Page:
Friday, November 21, 2014

Dreaming the strange death of a Norman king

The year is 1100, and William II, called William Rufus (William the Red) is the second Norman king of England. He's a rapacious, rowdy, brawling character who has earned a lot of opposition, including that of the great scholar Anselm who is now Archbishop of Canterbury. The king has forced Anselm into exile.
    Anselm has a vision: the “saints of England” are applying to God to deal with the Norman thug on the throne. God summons Saint Alban into his presence and hands him a flaming arrow. And God says, “Behold the death of the man you complain of before me.” Saint Alban takes the arrow and says he will deliver it to “a wicked spirit”, so the arrow will be “an avenger of sins.” In Anselm’s vision, the arrow is thrown from the sky and comes down like a fiery comet.|
    At the same time, or soon afterwards, William Rufus was struck by an arrow while hunting in the New Forest; he died the same night.
    Before the news reached Anselm, the archbishop was already journeying back to his cathedral, confident that the arrow fired in his vision had actually reached its mark, flying from the realm of the Aevum (for the medieval imagination, this was the dimension between the world of time and the world of eternity) into the kingdom of England. He received word of the fatal hunting incident as he entered Canterbury.
     The story soon spread across Europe that the cleric Anselm had the power to destroy kings through his prayers and visions.
This account comes down to us from a chronicler known as Matthew of Westminster (also identified as Matthew of Paris). Modern scholarship suggests that the author may have stretched his facts more than a little. It appears that at the time of the king’s death, Anselm was in France – and did not return to his see until after five years of bargaining and jockeying with William II’s successor, Henry I.
      According to other chronicles, William II had his own premonitory dreams – in the most terrifying of which he saw blood spurting from his body until it darkened the sky.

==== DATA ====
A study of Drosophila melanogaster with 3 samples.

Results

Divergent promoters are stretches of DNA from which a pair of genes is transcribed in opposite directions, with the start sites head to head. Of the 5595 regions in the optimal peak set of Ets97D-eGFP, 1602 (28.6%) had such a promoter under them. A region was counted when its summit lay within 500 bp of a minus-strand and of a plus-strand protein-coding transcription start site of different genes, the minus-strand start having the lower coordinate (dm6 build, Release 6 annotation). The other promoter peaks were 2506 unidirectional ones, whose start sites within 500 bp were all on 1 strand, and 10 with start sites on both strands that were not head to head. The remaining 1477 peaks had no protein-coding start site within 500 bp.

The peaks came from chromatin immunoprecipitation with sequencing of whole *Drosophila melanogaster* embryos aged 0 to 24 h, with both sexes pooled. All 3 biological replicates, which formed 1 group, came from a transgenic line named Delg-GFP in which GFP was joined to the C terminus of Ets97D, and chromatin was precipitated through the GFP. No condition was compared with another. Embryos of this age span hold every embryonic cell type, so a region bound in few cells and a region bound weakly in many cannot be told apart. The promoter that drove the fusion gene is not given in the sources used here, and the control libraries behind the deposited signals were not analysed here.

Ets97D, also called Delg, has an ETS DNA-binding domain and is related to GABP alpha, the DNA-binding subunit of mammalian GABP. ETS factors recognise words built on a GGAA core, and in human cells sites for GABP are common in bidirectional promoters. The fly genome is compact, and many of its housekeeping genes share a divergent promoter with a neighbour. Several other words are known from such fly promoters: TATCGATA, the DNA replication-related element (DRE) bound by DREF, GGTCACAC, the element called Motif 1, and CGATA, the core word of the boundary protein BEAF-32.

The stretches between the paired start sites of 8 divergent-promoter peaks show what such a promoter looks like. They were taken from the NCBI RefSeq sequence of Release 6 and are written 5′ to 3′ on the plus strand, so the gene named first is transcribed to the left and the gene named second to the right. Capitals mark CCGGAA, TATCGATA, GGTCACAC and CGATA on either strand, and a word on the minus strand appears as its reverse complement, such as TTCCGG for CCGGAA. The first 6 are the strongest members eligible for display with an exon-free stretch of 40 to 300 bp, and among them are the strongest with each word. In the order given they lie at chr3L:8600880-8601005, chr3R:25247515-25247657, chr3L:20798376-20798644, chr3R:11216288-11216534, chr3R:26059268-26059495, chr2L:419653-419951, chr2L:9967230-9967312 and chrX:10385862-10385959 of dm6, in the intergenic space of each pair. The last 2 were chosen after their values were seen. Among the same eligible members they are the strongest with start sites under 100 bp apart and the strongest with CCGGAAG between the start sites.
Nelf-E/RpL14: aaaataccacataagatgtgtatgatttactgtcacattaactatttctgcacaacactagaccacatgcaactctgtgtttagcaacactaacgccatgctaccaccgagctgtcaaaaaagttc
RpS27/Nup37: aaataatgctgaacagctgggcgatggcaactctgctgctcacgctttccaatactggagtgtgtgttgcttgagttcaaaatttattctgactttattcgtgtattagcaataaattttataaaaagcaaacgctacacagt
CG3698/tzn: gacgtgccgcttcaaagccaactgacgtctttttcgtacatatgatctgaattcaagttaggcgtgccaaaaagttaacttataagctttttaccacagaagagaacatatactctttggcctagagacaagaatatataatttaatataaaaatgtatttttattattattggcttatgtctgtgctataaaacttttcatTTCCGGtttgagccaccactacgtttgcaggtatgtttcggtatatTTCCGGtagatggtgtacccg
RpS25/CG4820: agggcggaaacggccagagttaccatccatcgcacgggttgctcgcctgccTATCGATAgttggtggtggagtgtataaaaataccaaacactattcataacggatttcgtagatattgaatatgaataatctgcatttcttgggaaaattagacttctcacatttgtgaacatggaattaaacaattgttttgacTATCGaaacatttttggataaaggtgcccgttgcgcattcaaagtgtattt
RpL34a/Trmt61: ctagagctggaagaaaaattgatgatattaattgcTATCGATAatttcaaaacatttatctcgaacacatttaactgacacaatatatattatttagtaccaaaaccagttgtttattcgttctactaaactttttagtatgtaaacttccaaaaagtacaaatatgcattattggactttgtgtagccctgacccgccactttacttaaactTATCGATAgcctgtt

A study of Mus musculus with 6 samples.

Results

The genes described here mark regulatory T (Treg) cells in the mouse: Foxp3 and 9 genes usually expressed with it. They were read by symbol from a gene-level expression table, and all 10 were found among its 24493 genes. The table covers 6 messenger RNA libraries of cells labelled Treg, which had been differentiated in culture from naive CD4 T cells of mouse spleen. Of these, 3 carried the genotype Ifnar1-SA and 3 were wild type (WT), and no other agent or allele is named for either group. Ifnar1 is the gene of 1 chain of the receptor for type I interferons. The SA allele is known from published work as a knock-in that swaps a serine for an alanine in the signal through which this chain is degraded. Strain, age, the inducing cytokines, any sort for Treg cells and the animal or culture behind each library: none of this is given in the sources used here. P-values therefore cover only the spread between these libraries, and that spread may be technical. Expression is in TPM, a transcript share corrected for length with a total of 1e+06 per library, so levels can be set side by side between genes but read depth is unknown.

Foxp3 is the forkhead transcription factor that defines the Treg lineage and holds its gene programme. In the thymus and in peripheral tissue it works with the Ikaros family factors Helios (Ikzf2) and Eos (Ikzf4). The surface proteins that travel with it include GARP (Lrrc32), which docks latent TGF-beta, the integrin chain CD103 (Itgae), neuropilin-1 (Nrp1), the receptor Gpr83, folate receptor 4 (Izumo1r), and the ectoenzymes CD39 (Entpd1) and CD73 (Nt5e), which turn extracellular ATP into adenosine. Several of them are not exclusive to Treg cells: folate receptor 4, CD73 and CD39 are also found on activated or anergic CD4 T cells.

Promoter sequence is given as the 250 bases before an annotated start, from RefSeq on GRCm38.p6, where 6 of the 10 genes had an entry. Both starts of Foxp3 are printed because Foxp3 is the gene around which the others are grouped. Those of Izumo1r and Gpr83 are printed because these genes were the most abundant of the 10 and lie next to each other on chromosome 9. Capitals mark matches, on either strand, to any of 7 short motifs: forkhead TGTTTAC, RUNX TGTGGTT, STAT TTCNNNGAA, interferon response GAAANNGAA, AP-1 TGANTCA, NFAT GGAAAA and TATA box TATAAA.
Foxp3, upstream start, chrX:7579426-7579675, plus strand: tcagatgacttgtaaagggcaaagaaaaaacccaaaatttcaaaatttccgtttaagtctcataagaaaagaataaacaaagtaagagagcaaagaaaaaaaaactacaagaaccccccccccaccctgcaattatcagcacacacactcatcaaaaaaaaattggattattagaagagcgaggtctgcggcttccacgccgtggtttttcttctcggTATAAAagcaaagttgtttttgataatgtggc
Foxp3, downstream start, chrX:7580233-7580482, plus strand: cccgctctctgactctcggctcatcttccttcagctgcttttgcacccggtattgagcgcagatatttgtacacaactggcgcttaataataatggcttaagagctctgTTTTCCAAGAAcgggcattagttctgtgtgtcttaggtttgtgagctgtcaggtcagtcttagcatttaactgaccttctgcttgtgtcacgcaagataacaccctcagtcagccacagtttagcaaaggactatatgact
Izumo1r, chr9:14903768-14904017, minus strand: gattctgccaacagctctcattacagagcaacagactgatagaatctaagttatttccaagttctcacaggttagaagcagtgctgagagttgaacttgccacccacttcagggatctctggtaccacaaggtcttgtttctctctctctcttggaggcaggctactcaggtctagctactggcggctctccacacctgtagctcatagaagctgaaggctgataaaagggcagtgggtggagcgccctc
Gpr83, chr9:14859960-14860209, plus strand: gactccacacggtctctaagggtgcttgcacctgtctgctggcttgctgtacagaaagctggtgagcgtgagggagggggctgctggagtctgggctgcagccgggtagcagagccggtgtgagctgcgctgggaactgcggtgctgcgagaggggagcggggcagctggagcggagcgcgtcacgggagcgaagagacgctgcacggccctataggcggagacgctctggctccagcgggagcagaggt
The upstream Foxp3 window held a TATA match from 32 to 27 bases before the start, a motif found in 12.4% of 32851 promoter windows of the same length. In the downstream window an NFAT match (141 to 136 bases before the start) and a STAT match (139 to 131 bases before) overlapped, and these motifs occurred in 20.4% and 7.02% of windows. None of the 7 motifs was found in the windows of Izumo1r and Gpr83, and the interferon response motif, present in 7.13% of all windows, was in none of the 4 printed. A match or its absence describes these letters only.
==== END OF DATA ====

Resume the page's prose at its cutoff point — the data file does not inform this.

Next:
It is fascinating that on the morning of his death, the king received a dream warning he took seriously. Robert FitzHammon brought William Rufus word that a monk had dreamed that he saw the king trying to bite off the legs of a figure of Christ on the cross. In the monk’sdream, the Christ figure came alive and smashed him to the ground. The king lay under Christ’s feet, belching fire and smoke from his mouth until the air was dark.
       The king was sufficiently rattled to order FitzHammon to give the monk a hundred shillings and “bid him dreame of better fortune to our person.” [Holinshed Chronicles 3:44] Holinshed reports that the king remained so troubled by the dream that he delayed going out to hunt until after lunch – at which he drank copiously – instead of riding out at dawn aswas his custom.

Sources: The vision of Anselm is in Matthew of Westminster, Flowers of History. The monk’s dream is in Holinshed’s Chronicles 3:4. See Frank Barlow, William Rufus (Berkeley and Los Angeles: University of California Press, 1983) and C. Warren Hollister,  “The Strange Death of William Rufus”, in Speculum: A Journal of Medieval Studies. Vol 48, no.4 (October, 1973).

Image: Death of William Rufus, lithograph by Alphonse de Neuville, 1895

1 comment:

Susan Morgan said...

I am very grateful you took the time to research this story and then to write about it. Thank you!